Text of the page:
Polls just closed in Israel and a raft of exit of polls show a big comeback for Benjamin Netanyahu and the Likud, who closed the last two days with a round of racist, anti-Arab Israeli appeals to consolidate the right wing vote in Likud. It seems to have worked. The exit polls don't all agree. But most show a virtual tie between Labor and Likud in the high 20 seat range. In other words, both major parties seem to have over-performed their numbers.


We're in that liminal phase of election day in Israel which is always so difficult for political obsessives because we simply do not know what is happening. Polls stay open until 10 PM local time in Israel (4 PM eastern). The big news of the day is a final day series of racist invocations from Prime Minister Netanyahu and the Likud campaign begging right-wing voters to turn out because of a purported wave of Arab-Israeli voters voting 'en masse', helped along by foreigners, leftists, NGOs and the media, intent on driving him from office. Over the course of the day, Netanyahu sorta kinda tried to amend these statements slightly. But not really. And then not at all. After stating definitively yesterday that he will never allow a Palestinian state to come into existence on the West Bank, Netanyahu has decided to close out hard-right, racist and dark.


Conor Williams takes on David Brooks over poverty and character:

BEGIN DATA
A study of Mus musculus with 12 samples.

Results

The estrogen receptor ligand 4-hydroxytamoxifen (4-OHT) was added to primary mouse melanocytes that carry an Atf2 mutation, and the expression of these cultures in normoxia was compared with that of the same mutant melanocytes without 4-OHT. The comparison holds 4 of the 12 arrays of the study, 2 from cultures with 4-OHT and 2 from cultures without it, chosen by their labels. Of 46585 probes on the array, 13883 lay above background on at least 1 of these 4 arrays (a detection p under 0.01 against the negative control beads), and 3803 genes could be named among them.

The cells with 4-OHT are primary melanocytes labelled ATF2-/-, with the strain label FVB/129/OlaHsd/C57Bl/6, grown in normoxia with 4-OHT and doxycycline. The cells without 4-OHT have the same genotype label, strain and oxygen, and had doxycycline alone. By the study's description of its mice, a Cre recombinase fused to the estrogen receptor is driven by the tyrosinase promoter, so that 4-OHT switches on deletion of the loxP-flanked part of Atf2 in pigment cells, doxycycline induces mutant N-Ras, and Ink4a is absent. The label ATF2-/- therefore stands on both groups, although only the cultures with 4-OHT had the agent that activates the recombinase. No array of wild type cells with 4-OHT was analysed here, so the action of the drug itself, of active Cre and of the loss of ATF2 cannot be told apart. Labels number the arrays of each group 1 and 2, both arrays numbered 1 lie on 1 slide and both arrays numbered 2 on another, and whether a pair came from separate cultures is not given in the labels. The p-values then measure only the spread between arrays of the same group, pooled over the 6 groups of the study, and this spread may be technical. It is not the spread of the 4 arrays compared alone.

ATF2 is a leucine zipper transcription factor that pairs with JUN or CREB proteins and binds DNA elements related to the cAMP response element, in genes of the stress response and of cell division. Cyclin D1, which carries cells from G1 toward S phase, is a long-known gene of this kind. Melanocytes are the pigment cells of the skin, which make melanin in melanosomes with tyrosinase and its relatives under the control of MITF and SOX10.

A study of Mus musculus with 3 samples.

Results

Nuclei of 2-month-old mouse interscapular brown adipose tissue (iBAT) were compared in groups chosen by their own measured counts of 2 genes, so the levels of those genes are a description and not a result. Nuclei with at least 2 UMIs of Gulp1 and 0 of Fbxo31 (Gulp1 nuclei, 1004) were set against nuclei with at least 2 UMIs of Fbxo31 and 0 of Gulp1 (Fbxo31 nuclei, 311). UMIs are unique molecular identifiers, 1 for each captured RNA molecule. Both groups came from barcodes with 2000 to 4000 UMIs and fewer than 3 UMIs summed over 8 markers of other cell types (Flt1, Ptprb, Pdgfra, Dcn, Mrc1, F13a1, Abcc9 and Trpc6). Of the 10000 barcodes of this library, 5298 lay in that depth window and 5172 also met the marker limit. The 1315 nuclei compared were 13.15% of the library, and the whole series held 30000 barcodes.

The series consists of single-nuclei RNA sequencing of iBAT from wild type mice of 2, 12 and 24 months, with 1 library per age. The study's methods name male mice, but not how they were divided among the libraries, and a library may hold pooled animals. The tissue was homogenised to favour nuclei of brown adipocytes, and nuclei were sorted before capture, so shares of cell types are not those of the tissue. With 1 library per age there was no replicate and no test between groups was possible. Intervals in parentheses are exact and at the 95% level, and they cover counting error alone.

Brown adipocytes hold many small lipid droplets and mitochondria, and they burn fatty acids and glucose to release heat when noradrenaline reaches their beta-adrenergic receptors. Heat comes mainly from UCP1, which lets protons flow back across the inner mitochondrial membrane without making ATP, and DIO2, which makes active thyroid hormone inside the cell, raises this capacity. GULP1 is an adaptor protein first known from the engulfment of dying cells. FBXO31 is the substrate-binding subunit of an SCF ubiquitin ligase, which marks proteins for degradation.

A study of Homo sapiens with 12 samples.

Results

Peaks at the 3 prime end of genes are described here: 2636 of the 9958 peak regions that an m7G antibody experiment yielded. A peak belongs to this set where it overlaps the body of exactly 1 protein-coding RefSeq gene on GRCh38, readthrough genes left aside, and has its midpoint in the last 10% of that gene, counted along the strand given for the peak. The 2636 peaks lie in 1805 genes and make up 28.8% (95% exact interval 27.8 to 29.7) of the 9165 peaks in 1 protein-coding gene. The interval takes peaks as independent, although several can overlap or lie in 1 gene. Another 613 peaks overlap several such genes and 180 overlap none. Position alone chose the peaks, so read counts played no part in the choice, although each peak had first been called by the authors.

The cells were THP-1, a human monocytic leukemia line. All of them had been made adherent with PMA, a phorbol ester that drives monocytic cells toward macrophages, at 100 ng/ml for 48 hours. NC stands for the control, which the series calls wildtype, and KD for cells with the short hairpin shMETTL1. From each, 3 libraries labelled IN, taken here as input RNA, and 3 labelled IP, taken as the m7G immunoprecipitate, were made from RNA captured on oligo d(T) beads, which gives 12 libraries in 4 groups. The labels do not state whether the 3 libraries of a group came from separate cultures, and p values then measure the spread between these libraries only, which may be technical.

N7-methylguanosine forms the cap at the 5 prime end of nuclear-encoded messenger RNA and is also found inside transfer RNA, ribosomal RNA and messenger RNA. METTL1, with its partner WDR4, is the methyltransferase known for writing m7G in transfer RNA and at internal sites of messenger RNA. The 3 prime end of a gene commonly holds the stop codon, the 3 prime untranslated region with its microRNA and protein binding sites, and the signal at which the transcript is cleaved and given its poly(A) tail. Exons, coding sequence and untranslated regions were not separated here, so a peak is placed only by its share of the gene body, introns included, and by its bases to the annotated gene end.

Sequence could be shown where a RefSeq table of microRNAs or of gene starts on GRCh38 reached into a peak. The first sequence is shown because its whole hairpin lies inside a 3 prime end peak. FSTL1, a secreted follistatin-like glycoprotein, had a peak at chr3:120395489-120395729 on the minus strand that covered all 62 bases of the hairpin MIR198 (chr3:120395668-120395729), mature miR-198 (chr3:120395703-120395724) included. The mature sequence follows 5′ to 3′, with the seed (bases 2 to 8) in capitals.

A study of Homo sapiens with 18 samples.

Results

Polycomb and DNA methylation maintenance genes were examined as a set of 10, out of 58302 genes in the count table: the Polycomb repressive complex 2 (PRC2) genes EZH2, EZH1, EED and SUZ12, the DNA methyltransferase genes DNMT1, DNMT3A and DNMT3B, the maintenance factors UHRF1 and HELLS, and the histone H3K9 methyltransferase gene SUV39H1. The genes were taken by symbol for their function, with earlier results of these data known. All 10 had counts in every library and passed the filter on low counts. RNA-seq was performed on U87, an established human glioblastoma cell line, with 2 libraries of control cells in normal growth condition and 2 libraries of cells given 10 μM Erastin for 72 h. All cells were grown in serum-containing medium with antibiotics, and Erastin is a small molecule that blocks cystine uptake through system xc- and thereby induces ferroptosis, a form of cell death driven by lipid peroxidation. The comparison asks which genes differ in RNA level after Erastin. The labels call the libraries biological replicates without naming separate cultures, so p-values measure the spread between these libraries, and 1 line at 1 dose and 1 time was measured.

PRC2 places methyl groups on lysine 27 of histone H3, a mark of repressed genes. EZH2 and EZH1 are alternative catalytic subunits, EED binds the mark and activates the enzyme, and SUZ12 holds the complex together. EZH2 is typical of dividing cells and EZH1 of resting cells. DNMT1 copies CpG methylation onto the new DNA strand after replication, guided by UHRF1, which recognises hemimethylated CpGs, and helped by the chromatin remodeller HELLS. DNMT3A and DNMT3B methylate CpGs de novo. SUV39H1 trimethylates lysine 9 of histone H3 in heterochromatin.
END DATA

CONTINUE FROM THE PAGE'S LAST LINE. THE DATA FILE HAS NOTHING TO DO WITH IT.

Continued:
So when Brooks writes, "It’s not only money and better policy that are missing in these circles; it’s norms," he's being willfully blind. Stable marital norms are difficult to develop, refine and maintain at any income. In the face of extraordinary adversity—consider that approximately half of American students are growing up in low-income families—we should expect what he terms "an anarchy of the intimate life."

Brooks worries that, for the poor, "there are no basic codes and rules woven into daily life, which people can absorb unconsciously and follow automatically." But there are codes! They simply happen to be punishing, degrading codes shaped by poverty and material and educational inequality. In short, norms are built on resources and opportunities.

Read it here.

'It Is Going To Cause A Lot Of Turmoil'

Some very telling remarks from the Republican governor of Wyoming about the chaos that will ensue if the Supreme Court throws out Obamacare subsides on the federal exchange. Gov. Matt Mead goes so far as to say he hopes the court upholds the law, even though he personally thinks Obamacare is bad policy.

"I think we will be one of many, many states that will be scrambling, trying find an answer and seeing whether Congress can provide the statutory fix that would be needed," Mead said.